Imaikka Nodigal is not a psycho or dark thriller, it’s not even a thriller in entirety, reveals director Ajay Gnanamuthu who had earlier made the horror film Demonte Colony. In his new film that releases on August 30, there’s romance, also humour…
Ajay Gnanamuthu, director of Imaikka Nodigal, declares that it wasn’t an all-consuming passion for filmmaking that drove him towards cinema. After all, he says, it’s only during a certain period in our lives that we discover what we are good at. That moment for him came during school one day. It was simple enough: He prefixed his name with ‘director’. His family was shocked when he made known his aspirations. They were all doctors, and Ajay himself, pored over biology texts in school.
“It was quite unacceptable to them when I said I didn’t want to study further,” he laughs, during our half-hour long conversation. He wears a dhoti and a shirt, a style that has come to be synonymous with him, especially at film events. Ajay is expected at the studio to oversee the colour correction of his second film, Imaikka… which releases tomorrow, but he hangs back to finish his tale. “I had no parental approval and there was a lot of pressure to pursue medicine,” he says, “But I think I am happy now – my siblings look up to me; they say I swam against the tide. If I hadn’t turned to films, I would have, of course, taken up medicine.”
Demonte Colony, Ajay’s 2015 release, was horror that tried to take after the several horromedys that were in vogue then. Starring Arulnithi in the lead, it made much of the myth surrounding a supposedly haunted location within the city, invoking run down bungalows and apparitions to aid its cause. With Imaikka Nodigal, the director hasn’t ventured far from his debut; the trailer features a guy (Anurag Kashyap) who has a penchant for killing, and a cop (Nayanthara) who is on his tail. There’s Atharvaa who makes an appearance too, in the lighter portions. “The common perception – especially after my first film – is that Imaikka… is a psycho or a dark thriller. But the film also has romance and light-hearted moments and can be enjoyed with family,” Ajay says. Sometime in the future, he would love to explore lighter themes, too.
The film had been long in the coming, even before Demonte Colony, but as is the case with first-time filmmakers, none were ready to invest in a “big project” – something that demanded serious financing and manpower. “I knocked on many doors but finally realised I needed a visiting card to make this film. I knew I didn’t have much time, so I immediately wrote the script for Demonte Colony. I did not approach many producers for that one; just actor Arulnithi and the project took off.”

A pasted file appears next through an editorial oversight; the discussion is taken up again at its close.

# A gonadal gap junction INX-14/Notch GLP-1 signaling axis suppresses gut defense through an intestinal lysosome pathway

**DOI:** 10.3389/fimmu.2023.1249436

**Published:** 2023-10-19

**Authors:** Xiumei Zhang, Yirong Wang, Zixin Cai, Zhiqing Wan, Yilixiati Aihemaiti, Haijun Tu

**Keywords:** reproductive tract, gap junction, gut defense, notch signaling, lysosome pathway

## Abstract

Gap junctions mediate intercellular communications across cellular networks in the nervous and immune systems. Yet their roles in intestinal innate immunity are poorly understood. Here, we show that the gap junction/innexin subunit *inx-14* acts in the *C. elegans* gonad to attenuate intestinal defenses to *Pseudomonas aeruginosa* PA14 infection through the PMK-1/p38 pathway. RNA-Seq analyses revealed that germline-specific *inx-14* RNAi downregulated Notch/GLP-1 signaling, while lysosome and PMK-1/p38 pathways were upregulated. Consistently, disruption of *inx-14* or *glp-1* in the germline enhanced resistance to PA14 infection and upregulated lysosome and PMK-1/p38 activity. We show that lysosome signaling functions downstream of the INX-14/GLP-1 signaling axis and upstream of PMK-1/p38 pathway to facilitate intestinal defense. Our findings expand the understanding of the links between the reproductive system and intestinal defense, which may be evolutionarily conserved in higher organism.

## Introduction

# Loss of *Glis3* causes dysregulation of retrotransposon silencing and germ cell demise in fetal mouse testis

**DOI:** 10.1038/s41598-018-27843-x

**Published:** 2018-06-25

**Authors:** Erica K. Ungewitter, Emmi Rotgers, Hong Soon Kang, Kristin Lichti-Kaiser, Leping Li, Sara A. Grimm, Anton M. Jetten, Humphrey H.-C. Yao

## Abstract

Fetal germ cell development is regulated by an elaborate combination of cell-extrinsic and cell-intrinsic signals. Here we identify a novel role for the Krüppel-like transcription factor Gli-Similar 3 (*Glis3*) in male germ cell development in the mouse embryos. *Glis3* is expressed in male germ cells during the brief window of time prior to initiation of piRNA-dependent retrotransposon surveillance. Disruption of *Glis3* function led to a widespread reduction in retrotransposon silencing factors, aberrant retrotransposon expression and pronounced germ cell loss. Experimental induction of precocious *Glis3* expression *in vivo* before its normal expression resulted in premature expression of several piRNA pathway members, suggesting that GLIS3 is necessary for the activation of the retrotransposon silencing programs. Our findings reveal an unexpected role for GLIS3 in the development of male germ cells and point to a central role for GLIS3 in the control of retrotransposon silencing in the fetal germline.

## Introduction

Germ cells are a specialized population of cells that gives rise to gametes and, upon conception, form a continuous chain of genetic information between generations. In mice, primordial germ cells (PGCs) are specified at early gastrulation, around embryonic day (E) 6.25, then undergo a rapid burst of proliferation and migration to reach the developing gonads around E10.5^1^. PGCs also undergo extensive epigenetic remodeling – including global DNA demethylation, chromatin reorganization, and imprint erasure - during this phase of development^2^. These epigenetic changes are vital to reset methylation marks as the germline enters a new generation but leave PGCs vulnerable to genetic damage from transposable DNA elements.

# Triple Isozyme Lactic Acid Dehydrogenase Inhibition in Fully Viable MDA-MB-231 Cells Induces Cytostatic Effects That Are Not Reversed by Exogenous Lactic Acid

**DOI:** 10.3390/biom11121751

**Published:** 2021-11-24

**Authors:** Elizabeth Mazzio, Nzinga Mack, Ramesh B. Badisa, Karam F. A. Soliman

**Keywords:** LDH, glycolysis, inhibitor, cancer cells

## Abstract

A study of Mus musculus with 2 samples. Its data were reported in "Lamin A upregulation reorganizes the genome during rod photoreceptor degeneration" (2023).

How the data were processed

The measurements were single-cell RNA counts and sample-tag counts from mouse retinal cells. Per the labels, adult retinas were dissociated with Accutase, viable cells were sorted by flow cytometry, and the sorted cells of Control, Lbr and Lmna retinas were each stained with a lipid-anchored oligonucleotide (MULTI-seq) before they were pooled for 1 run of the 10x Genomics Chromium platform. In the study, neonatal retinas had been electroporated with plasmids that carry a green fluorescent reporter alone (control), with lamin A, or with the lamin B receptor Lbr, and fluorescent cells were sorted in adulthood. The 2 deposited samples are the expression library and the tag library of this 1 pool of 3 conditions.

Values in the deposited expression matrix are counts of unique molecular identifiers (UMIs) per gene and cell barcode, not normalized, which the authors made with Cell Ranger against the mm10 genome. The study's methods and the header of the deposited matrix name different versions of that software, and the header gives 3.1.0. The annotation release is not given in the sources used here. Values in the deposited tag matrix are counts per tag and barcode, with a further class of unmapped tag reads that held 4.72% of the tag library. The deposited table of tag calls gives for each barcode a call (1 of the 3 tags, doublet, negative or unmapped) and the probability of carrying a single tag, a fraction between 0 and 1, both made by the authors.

When Ajay finally made the film though, he encountered other roadblocks, some natural, some man-made. “It wasn’t just us,” he recalls, “Other movies like Irumbuthirai, Key etc were in similar situations. The cast of my film were quite busy, and I had to inform them well in advance to get their dates. When all was done, demonetisation happened, then our former CM J Jayalalithaa amma died and we had to call off the shoot – followed by the Jallikattu protests, theatre strike etc. Many wondered if the film would release at all, but the producer and I wanted to see this through.”
Casting Nayanthara and Anurag Kashyap
Imaikka Nodigal was initially written with two heroes in mind. “It was about two brothers – a double hero subject. Later, when we started working extensively on the screenplay, I realised that there was nothing new about it. So, I changed the male lead to a female lead and modified the entire script. I felt that it had stronger emotions after effecting the changes. And, when we needed an actress who could be just as powerful as the male lead, we could only think of Nayanthara.” I’d heard that she was “strict” and hard to handle, Ajay smiles, “but she was quite co-operative; I once made her take four to five shots and she did that without asking questions.”
As for the role that Anurag Kashyap plays, of a man with a thing for murder, Ajay wanted someone very menacing – “that even when he smiles, it must induce fear.” “I did not want to cast a prominent face, but someone new in Tamil cinema. I wanted someone unique, with no traces of his other projects on him. I’m sure his character Rudra would make its mark, and will be talked about for a long time. If Anurag hadn’t had dates, I would have waited another six months; wouldn’t have compromised.”
In this mix, Ajay had brought in Vijay Sethupathi too, in a guest role. According to the producer of the film, CJ Jayakumar, the scenes involving Nayanthara and Vijay Sethupathi are very moving. “It’s a deep emotion,” Ajay responds. “It is what you feel when you love a person for a long time, love them so deeply that you are forced to leave them forever. I can say that I have worked on this scene with the best possible stars.”
I wouldn’t judge the work of a filmmaker harshly, Ajay declares, “there are many constraints that one needs to work through. It would be nice if people stood in the shoes of a director and viewed things from his perspective, the struggles he faced… at least, I hope they spare upcoming directors because it’s not easy to be here.”
Imaikka Nodigal, starring Nayanthara, Atharvaa and Anurag Kashyap. releases on August 30.
The Ajay Gnanamuthu interview is a Silverscreen exclusive.